One password reset to rule them all!

A company called Ecotricity recently launched a new app in the UK. They are a utility provider for your gas and electric but also run a nationwide network of charge points for electric vehicles that their new app will be used to control. Unfortunately there was a problem with the password reset process.


electric highway logo


The app

You can only get the app on Android or iOS, which for drivers of electric vehicles means no smartphone, no charging. It also means no charging if you have no signal, no data allowance, a flat battery on your phone or any host of other problems between you and the charger. Previously it was just a simple RFID card that they posted out to you. You can get the app on the different stores here:


android logo
ios logo



The API for the app resides at and all requests are issued against it. I did the basics and setup my account and had a look around to see if I could spot any obvious problems. Nothing of interest stood out until I went through the password reset process. During the process you get an email with a link to click but the token in the email looked really familiar... This is the request my phone issued to the API when I hit the forgotten password button and the response I received.






This then resulted in the following email landing in my inbox.

ecotricity password reset email


The Reset Password button contained a link as you'd expect and was for the following address:

The token on the end of that address may look familiar and it is indeed the token returned by the initial API request to start a password reset for the provided account! Oopsie!


Resetting passwords on arbitrary accounts

Given that I could now reset the password on any account I like, using either the username or email address for the account, all I needed to do was find a target using several API endpoints that allow for account enumeration and follow through the rest of the process. Given the first API request returns the token that will be sent in the email and I know the format of the URL, it's easy enough for me to 'click the link in the email' without ever having received the email.



That's enough to make it appear that the link in the email has been clicked and now we've verified we are the account holder, time to get a password reset token.



We now call the getPasswordToken endpoint and pass in the validated hashkey value from the previous steps. This call then returns another hashkey value that we need to reset the password.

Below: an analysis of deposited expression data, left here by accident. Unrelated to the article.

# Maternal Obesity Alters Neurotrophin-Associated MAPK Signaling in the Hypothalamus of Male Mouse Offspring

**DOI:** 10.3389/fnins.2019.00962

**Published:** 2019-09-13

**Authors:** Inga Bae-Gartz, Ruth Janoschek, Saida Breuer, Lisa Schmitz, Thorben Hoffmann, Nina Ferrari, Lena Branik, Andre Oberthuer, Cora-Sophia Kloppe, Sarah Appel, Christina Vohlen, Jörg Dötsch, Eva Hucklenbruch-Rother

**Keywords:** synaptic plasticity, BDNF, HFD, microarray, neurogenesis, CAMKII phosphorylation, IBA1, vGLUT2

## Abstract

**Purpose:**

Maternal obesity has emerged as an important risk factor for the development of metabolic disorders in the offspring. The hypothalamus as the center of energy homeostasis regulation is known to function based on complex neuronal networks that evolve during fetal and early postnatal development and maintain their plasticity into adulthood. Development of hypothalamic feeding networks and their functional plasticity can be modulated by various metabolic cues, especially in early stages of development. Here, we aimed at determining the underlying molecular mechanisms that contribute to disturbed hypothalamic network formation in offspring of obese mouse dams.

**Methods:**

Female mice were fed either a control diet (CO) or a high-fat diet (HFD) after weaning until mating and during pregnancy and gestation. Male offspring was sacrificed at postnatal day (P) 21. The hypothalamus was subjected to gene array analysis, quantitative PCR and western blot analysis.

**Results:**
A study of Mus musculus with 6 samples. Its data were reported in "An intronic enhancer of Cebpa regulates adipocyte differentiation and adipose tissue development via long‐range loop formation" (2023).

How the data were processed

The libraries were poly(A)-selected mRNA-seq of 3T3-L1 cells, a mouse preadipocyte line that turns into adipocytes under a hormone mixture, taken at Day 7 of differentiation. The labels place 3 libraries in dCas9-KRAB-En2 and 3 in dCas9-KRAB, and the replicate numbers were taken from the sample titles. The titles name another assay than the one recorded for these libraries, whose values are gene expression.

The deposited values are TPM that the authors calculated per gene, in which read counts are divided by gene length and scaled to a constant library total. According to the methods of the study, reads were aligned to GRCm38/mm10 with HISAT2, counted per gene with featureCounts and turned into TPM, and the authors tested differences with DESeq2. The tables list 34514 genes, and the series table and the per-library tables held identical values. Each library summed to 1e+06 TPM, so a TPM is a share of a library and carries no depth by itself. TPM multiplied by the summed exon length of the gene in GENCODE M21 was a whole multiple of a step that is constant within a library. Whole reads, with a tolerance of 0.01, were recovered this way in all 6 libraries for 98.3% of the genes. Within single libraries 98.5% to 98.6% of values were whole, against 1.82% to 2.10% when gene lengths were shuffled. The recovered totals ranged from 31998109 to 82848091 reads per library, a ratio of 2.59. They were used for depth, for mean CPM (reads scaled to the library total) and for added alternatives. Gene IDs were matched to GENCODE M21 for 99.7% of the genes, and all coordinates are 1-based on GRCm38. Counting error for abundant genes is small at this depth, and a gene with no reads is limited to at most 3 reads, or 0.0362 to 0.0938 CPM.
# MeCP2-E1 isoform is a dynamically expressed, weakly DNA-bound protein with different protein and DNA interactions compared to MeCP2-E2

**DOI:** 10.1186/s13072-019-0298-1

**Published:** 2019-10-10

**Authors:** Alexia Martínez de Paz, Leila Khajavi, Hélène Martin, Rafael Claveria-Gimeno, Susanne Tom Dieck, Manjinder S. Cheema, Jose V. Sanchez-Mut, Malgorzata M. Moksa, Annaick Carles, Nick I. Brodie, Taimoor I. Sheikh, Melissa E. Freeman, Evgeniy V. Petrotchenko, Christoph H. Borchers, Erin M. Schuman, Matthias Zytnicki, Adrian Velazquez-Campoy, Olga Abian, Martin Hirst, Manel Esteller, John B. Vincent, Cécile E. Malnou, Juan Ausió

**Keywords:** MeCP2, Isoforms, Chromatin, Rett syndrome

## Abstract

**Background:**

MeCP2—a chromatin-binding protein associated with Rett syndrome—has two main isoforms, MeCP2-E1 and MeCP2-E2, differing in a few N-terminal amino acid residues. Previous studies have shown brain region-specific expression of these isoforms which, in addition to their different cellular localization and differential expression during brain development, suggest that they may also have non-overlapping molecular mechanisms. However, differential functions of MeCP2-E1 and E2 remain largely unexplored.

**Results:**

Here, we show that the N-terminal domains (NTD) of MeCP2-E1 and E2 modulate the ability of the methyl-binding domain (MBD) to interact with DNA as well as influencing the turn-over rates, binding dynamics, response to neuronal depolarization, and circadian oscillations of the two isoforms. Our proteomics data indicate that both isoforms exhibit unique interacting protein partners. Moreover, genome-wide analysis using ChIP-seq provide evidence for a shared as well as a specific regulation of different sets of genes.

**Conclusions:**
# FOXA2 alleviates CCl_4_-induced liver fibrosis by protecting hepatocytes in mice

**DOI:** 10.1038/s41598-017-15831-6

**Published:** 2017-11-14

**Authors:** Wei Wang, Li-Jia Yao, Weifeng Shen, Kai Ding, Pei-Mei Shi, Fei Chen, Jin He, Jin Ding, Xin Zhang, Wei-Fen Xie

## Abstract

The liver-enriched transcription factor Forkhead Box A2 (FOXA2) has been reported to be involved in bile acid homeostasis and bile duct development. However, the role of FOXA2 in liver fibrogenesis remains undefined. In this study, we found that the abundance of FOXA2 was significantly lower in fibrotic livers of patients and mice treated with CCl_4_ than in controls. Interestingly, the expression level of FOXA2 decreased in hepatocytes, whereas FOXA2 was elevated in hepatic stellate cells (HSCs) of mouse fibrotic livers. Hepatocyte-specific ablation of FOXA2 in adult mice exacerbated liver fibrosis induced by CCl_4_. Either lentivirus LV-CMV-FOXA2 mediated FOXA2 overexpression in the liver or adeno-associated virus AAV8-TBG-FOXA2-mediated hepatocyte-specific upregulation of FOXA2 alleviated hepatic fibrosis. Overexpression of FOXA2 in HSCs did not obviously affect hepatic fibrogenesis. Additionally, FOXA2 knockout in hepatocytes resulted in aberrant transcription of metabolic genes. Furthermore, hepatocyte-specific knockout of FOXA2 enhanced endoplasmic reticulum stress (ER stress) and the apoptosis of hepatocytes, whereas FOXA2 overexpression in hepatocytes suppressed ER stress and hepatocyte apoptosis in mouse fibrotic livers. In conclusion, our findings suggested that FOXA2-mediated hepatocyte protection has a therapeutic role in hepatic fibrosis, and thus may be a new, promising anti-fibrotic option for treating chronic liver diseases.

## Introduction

HTTP/1.1 200 OK


Now we have both of these hashkey values, we can make the API call to reset the password on the account.



With all of the correct values in place, the request works perfectly and changes the password on the account.

HTTP/1.1 200 OK


All we need to do now is login to prove the password change worked.



Which let's me straight in:

HTTP/1.1 200 OK


Full control

At this point I'm logged in to the target account and can perform any action the account holder could. This includes incurring charges to any credit cards stored on the account. I can also change the account email address now I'm authenticated so the genuine owner can't password reset their way back in!






Unfortunately that's all that's required to change the email on your account and it's no longer really your account, it's mine after this point. I imagine the only way to get it back now would be to contact the company and try to explain what was going on. That sounds like it'd be great fun!


The rest of the API

I didn't find any issues with the rest of the API but being involved in some of the electric vehicle owners forums I mapped out and documented the API on GitHub for others to make use of (yes I drive an EV!). Hopefully this will be of use to someone else and perhaps a little more scrutiny on the API would be a good thing. I can't help but feel that it didn't get much in the way of penetration testing prior to release.


Responsible disclosure

Of course, just like any vulnerability I find, it was responsibly disclosed to the appropriate party as soon as I'd confirmed there was a serious flaw. The disclosure timeline:


9th July 20:53 After downloading the app and doing some investigation, I notified Ecotricity of a critical security vulnerability in their API via email.

10th July 00:25 I received a response from Ecotricity and was informed that the affected API endpoint had been taken offline. I confirmed this was the case.

11th July 07:28 I noticed an updated version of the Android app was available and that the password reset functionality was working again. I confirmed the issue had been resolved.


I think that Ecotricity should be applauded for their rapid response to my disclosure and taking immediate action to protect their user's accounts by disabling the affected API endpoint. They were also very appreciative of me finding the issue and reporting it to them privately. Fellow security researchers will probably be all too aware that reporting issues like this to companies can often result in a very hostile interaction. It's quite refreshing to have dealt with a company that were open to being contacted by a security researcher but next time perhaps engage one before publishing your API online.


Researcher, blogger and international speaker. I'm the creator of and, free tools to help improve online security.